Coral reefs are the poster-organisms for ecosystem services, aiding fisheries, promoting biodiversity, and protecting land from heavy waves. Unfortunately, we seem to be repaying them by killing them. Our warming oceans are causing coral bleaching and death, rising sea levels will force them to move, and the acidification of our oceans will make it harder for them to form reefs.
Now scientists have announced a new tool is available to study corals: genetic editing provided by the CRISPR/Cas9 system. The ability to selectively eliminate genes could help us understand how corals function normally and could eventually provide a tool that lets us help them ride out climate change.
You might think that we’d have a pretty good grasp of coral biology, given the amount of study that reefs receive. But much of that study has focused on coral reefs as an ecosystem, rather than coral as an organism. And that’s a big barrier to helping these reef-builders survive in our changing world. To give one example, coral bleaching is caused by a heat-driven breakdown in the symbiosis between coral and a photosynthetic algae that provides the coral with food. Corals that live in warmer waters are clearly able to form partnerships with heat-tolerant algae, but the precise mechanics of which species partner with what algae aren’t well understood.
There are similar gaps in our knowledge about things like the reef building activities, which vary in speed and the shapes they produce. Corals also tolerate a variety of depths; some species are specialized for specific environments, while others can find homes in a variety of habitats. While we’ve got some idea of the genes that may be involved in many of these adaptations, the authors of the new paper describe these as “plausible hypotheses.” The problem? We can’t really test any of them. That’s in part because corals are slow growing and have a complex lifestyle that’s hard to replicate in the lab. And it’s in part because we can’t manipulate them at the genetic level, eliminating a gene and seeing if the process we think it’s involved in are effected.
Now it seems like it’s more “couldn’t” than “can’t.” Gene editing, in which genes can be disabled or modified, has taken off in a variety of organisms thanks to a system called CRISPR/Cas9. The system evolved to help bacteria disable viruses that infected them and acts by allowing a short piece of RNA to guide an enzyme to a matching DNA sequence, which the enzyme then cuts. People eventually figured out that if you provide it with a piece of RNA that matches a gene, it’ll happily cut the gene for you. A cell’s DNA repair process kicks in, either deleting a short piece of the gene (and disabling it) or repairing it with a matching sequence that you provide.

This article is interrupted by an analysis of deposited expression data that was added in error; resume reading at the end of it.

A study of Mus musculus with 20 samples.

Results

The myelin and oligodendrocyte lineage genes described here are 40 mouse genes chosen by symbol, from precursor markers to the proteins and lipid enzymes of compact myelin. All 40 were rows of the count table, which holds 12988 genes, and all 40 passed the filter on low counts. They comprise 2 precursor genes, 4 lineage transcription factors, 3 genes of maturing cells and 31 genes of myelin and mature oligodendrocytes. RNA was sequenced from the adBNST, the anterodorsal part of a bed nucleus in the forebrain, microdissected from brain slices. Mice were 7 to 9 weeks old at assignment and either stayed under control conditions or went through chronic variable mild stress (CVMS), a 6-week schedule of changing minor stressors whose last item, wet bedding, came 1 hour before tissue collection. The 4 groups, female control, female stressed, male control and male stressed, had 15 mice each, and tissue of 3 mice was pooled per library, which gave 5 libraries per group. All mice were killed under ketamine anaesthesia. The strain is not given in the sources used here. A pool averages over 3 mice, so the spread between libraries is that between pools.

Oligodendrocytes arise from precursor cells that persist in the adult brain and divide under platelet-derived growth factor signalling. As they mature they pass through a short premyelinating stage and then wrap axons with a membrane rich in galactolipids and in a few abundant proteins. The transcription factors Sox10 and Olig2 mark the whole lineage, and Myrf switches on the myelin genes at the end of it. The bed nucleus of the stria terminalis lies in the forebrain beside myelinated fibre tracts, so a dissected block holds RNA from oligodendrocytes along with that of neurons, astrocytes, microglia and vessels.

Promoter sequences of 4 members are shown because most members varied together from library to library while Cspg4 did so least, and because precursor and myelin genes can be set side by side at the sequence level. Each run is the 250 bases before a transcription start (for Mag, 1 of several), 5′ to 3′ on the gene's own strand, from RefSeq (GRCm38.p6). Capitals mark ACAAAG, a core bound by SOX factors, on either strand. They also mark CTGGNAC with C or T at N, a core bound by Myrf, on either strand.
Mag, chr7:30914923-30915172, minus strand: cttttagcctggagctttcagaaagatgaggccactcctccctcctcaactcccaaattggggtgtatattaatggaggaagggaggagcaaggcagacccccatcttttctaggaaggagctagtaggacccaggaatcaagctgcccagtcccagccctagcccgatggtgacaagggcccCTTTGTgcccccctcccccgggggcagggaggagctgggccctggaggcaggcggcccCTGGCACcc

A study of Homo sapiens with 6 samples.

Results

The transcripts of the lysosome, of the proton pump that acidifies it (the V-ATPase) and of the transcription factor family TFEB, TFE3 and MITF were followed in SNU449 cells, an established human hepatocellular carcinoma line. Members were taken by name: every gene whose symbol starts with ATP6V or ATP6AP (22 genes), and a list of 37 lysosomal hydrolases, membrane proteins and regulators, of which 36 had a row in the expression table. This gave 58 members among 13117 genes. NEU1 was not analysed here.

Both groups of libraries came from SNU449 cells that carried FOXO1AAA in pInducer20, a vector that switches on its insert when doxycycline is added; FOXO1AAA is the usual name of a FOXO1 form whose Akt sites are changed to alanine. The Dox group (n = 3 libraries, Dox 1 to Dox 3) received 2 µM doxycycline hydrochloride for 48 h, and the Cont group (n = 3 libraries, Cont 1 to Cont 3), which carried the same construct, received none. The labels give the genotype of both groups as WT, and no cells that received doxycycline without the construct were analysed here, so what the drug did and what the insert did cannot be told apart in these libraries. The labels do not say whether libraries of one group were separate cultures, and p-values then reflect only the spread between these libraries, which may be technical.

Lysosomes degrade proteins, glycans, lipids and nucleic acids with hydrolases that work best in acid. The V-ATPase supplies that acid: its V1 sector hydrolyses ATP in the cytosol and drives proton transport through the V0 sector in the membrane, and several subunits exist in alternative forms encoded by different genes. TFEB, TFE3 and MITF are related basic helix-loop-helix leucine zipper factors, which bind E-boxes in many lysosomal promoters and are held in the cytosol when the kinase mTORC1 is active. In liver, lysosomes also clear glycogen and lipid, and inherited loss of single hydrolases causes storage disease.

So, a small international team of researchers decided to test whether the process could work in coral. That’s a bit of a challenge, given that corals mostly reproduce at specific times of the year through what’s called “broadcast spawning.” That’s basically releasing sperm and eggs into the water column and hoping they bump into each other. Still, the researchers were able to identify a species that could breed under lab conditions and obtained single-celled embryos to inject with a solution containing the CRISPR/Cas9 system.
DNA analysis showed that it worked, but things were somewhat complicated. To begin with, corals, like us, have two sets of chromosomes, one from each parent. And the system only seemed to edit one of the two chromosomes. As a result, even though they knocked out a copy of what seems to be a very important gene, the corals developed normally, since they still had a good copy. If we’re actually going to study their genetics, this will have to be optimized, since otherwise we’d have to figure out how to get the corals to go for two generations in the lab (the researchers note “there is little immediate prospect” of that happening).
The other issue is that some of the gene editing took place after the embryos’ cells started dividing. This led to organisms that were a complicated mix of healthy and partly edited cells, with somewhat different edits in many of the cells. That runs the risk of creating some complicated genetics that are difficult to interpret.
So, we’re not there yet when it comes to editing the genes of corals, but the initial results are promising, and CRISPR/Cas9 appears to be a pretty flexible system, given all the other organisms it has been optimized for. So, it seems quite plausible that we’ll be able to get this system working well enough to understand how corals manage their complex biological behaviors. And, perhaps more importantly, this raises the prospect that we could eventually be able to manipulate those behaviors, splicing in gene variants that allow corals to maintain a symbiosis that’s more heat tolerant, to give one example.
Whether that would be enough to maintain any reefs in the face of the changes we’re likely to see isn’t clear. And it shouldn’t be viewed as providing us an excuse for not trying to prevent even worse changes from happening. But one thing is obvious: protesters will undoubtedly try to stop the release of GMO coral should we ever get there.